North Korea put the world on edge today with a worrisome announcement that it would be prepared to carry out a pre-emptive nuclear strike against the United States, days before the scheduled bilateral exercises between South Korea and America slated to begin on March 11. Despite the provocation, it is unlikely that the situation would deteriorate to all-out war, not in the least if we consider the signal from China’s UN ambassador Li Bao Dong to return to the six-party talks as soon as possible.
The latest round of UN Security Council sanctions that prompted Pyongyang’s kneejerk response put further restriction on goods that can be traded with North Korea to include high-tech products and jewellery, as well as sanctioning companies and entities that conduct research and development into nuclear components, including for weapons.
Last December’s missile launch and North Korea’s third nuclear test in February spiked the tensions to the highest levels they have been in a few years, at least since the last device was exploded in 2009, and the Cheonan sinking in March, 2010.
Even if we might think that this latest round of destabilization could be a false prelude like the many provocations preceding it, it doesn’t mean that the risk of hot war is ever far away. For all intents and purposes, North Korea remains a dangerous and unpredictable actor.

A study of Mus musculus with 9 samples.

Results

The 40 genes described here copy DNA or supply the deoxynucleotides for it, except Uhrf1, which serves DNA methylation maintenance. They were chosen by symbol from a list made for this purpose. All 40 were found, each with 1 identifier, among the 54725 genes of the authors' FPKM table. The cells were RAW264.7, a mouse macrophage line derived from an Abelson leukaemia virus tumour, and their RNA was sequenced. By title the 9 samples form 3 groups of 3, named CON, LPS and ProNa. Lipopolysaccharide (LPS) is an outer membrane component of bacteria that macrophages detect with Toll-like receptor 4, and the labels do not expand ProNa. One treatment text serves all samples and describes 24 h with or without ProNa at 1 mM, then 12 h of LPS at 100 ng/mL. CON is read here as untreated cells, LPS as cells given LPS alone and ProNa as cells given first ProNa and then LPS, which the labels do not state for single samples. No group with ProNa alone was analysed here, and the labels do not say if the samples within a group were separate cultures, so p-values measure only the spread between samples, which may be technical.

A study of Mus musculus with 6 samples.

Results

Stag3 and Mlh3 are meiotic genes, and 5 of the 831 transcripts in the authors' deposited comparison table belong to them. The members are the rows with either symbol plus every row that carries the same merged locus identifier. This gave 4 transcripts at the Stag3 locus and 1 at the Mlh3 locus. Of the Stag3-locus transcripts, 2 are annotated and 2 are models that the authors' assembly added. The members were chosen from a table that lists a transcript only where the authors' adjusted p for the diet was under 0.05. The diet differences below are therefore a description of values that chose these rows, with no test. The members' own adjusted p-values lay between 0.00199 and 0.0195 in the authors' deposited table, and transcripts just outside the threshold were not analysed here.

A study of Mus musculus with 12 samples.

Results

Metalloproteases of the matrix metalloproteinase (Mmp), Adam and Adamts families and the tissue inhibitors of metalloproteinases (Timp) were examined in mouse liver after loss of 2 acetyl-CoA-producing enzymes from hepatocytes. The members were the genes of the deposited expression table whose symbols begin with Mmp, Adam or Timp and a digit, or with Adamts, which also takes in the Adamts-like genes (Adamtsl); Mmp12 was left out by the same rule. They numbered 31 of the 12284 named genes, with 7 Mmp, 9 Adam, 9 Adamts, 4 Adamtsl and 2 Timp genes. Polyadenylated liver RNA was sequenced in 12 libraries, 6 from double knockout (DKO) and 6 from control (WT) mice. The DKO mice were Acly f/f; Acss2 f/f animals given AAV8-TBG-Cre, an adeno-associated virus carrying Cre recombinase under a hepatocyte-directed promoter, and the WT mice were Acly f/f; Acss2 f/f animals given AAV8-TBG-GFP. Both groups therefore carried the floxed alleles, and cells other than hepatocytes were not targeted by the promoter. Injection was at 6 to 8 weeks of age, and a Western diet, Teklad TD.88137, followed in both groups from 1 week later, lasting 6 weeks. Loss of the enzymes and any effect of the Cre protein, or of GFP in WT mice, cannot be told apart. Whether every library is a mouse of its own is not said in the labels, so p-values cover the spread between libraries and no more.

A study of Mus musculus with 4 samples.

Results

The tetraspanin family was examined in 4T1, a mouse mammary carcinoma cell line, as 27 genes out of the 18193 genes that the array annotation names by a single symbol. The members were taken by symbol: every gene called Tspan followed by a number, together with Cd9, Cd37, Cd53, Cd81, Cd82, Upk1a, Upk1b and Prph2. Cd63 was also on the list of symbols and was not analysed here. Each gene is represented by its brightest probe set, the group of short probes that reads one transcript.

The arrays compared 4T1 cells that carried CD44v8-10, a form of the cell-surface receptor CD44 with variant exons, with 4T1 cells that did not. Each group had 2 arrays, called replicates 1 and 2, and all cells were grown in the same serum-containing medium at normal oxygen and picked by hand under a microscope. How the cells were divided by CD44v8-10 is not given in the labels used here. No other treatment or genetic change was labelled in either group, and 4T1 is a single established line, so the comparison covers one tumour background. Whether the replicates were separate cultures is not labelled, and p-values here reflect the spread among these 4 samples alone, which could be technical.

The truly dangerous part comes when North Korea’s propaganda, itself a fundamental driving force for the public legitimation of the regime, begins to interfere in calculated policymaking. While nuclear tests and satellite launches represent technological milestones on their own, it is just such acts that can push the border between propaganda and policy to become dangerously grey, especially with a radical regime as North Korea’s at the center of the whole process.
It is doubtful that this latest round of rhetoric will result in open conflict, but we cannot guarantee that future such recurrences in the midterm will not end in blood.